Our 2021-22 Innovation Issue salutes educators who dare to imagine a world where life is better for their students:

“My job is to make sure our kiddos have the best learning environment and that teachers can concentrate on teaching.”

Teachers in Redlands Unified School District may not know it, but Loren Parck is making sure their classrooms and school buildings are comfortable and well maintained so they can teach in a pleasant environment.

Parck is the maintenance and operations technician for the district’s 25 school campuses and works in the district’s Service Center with the maintenance department. She was recognized by her district in 2021 for being an “outstanding school employee who sees the big picture and is an integral agent of change and improvement, who prioritizes a myriad of needs to the right people in the right place at the right time.”

“My job is to make sure our kiddos have the best learning environment,” says Parck, a member of Redlands Education Support Professionals Association. “It’s also to make sure that teachers don’t have to even think about things that I take care of, so they can concentrate on teaching.”

When Parck first came on board six years ago, things were done with paper and pencil. Her mission was to improve efficiency. She asked the district to provide new iPads and convinced administrators to see the benefits of modernizing. The result was that work orders that previously took days to process are completed much faster, making everyone happier.

“Bringing in technology to our department streamlined five steps into one for our staff.”

Parck also decided to update the preventative maintenance (PM) scheduling system for schools, which includes inspections of plumbing and HVAC (heating, ventilation and air conditioning) systems, and replacing worn carpet and painting school sites.

“Preventative maintenance is important because teachers don’t have to deal with a dripping faucet in the back of a classroom, because we have a plumber check faucets every six months and make repairs before anyone notices there is a problem,” she explains. “It’s the same with HVAC; technicians check the filters and make sure units are functioning properly a few times a year, so teachers don’t have to worry about whether the air conditioner will turn on during hot days.”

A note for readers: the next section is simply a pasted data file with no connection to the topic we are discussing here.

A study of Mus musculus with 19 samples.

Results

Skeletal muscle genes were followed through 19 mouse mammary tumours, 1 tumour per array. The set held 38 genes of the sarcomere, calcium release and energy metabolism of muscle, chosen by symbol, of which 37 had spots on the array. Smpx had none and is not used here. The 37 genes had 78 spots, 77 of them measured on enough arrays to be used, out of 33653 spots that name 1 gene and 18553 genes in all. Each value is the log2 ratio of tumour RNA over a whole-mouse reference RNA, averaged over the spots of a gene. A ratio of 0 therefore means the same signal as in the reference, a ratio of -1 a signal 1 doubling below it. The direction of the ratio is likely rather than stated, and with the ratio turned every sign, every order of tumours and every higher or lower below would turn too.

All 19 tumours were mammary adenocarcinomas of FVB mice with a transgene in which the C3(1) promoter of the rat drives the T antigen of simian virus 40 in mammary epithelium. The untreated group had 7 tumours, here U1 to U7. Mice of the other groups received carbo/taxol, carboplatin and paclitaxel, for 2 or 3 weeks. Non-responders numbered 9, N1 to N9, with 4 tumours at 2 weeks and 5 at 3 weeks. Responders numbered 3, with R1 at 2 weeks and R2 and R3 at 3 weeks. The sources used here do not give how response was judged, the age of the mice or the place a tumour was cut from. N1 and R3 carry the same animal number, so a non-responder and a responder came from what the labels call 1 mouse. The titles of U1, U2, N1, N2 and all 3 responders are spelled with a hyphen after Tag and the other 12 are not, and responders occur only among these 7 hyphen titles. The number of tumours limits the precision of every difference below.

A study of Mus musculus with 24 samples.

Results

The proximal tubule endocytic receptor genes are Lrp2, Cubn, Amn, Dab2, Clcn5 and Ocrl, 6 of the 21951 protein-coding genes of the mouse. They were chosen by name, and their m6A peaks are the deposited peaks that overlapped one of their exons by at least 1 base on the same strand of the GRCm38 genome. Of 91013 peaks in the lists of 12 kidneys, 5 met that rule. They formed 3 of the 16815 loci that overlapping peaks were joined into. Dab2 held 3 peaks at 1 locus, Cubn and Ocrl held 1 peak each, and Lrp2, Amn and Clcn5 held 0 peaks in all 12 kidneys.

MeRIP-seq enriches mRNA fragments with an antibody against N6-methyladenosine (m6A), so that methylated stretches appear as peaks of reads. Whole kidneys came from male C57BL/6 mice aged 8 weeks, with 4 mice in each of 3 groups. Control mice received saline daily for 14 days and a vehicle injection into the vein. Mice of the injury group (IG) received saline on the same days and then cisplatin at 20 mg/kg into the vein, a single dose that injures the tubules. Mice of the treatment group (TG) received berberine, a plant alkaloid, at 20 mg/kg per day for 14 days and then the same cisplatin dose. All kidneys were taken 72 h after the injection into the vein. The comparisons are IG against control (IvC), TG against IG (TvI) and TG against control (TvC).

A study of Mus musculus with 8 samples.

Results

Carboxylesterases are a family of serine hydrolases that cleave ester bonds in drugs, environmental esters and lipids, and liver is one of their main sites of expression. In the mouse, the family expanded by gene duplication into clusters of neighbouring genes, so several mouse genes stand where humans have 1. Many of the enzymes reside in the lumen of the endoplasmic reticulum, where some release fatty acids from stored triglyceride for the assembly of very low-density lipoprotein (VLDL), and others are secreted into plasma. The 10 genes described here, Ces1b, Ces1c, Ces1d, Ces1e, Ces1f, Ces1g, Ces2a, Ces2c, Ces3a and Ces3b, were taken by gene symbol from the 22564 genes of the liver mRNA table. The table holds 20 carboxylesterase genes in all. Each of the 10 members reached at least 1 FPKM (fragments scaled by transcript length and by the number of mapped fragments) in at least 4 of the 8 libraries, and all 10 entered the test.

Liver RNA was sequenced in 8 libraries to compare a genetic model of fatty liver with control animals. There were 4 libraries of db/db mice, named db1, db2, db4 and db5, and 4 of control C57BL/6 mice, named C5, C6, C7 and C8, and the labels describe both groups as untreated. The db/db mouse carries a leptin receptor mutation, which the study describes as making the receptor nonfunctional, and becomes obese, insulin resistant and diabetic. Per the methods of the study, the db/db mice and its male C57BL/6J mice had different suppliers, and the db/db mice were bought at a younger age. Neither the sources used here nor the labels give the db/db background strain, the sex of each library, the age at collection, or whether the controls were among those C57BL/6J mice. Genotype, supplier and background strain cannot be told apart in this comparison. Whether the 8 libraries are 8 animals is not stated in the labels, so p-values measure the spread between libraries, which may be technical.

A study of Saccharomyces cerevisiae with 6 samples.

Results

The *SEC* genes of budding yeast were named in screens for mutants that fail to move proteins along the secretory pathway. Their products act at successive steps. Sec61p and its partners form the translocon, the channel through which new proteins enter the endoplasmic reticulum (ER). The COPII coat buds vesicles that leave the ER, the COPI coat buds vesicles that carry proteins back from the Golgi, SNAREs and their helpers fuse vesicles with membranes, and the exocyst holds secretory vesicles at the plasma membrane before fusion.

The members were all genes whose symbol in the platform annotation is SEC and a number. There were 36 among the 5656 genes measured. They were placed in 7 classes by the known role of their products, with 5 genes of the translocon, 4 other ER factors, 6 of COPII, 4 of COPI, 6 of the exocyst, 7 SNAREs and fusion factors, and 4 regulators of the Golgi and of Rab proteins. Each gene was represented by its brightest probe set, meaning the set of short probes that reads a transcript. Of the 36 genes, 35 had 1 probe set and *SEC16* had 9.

Loren Parck and another woman with their cleaning equipment.

Parck (right) and colleague get their equipment ready.

To improve the PM scheduling and efficiency, Parck mapped every school building in the district. Buildings were categorized by age; for example, buildings over 100 years old need more PM than modern buildings. She went through blueprints and listed the square footage of buildings, how many rooms each one has, the age of the roofs, and whether or not major work had been done on them.

“I compiled a massive amount of data into a living, breathing document in 2018,” says Parck. “It took me months. I still had to manage my other daily tasks and worked on it as time permitted.”

Having pertinent information in one place allows the district to make better financial decisions and save money. Some repairs may not be worth it, such as replacing parts of portable classrooms that have reached the end of their life cycle.

When students returned to schools after the COVID-19 shutdown, the district hired staff to disinfect and sanitize. Parck made sure they had the equipment and cleaning/disinfecting items they needed.

Parck grew up in San Bernardino and worked for years as a support professional in the classroom before switching classified positions.

“It was an unknown world to me. I went from working in the classroom and keeping track of students to keeping track of tractors, lawn mowers, dump trucks, plumbing fixtures, pool pumps, door locks and HVAC units. I had a lot to learn, but I knew that we needed to do things differently.”

While she loves her job “because no day is ever the same,” she has a message for those who don’t see her and her colleagues working behind the scenes. “Reach out and let us know what’s going on. If you see or hear that something isn’t right, let us know. We’d rather be proactive than respond to an emergency.”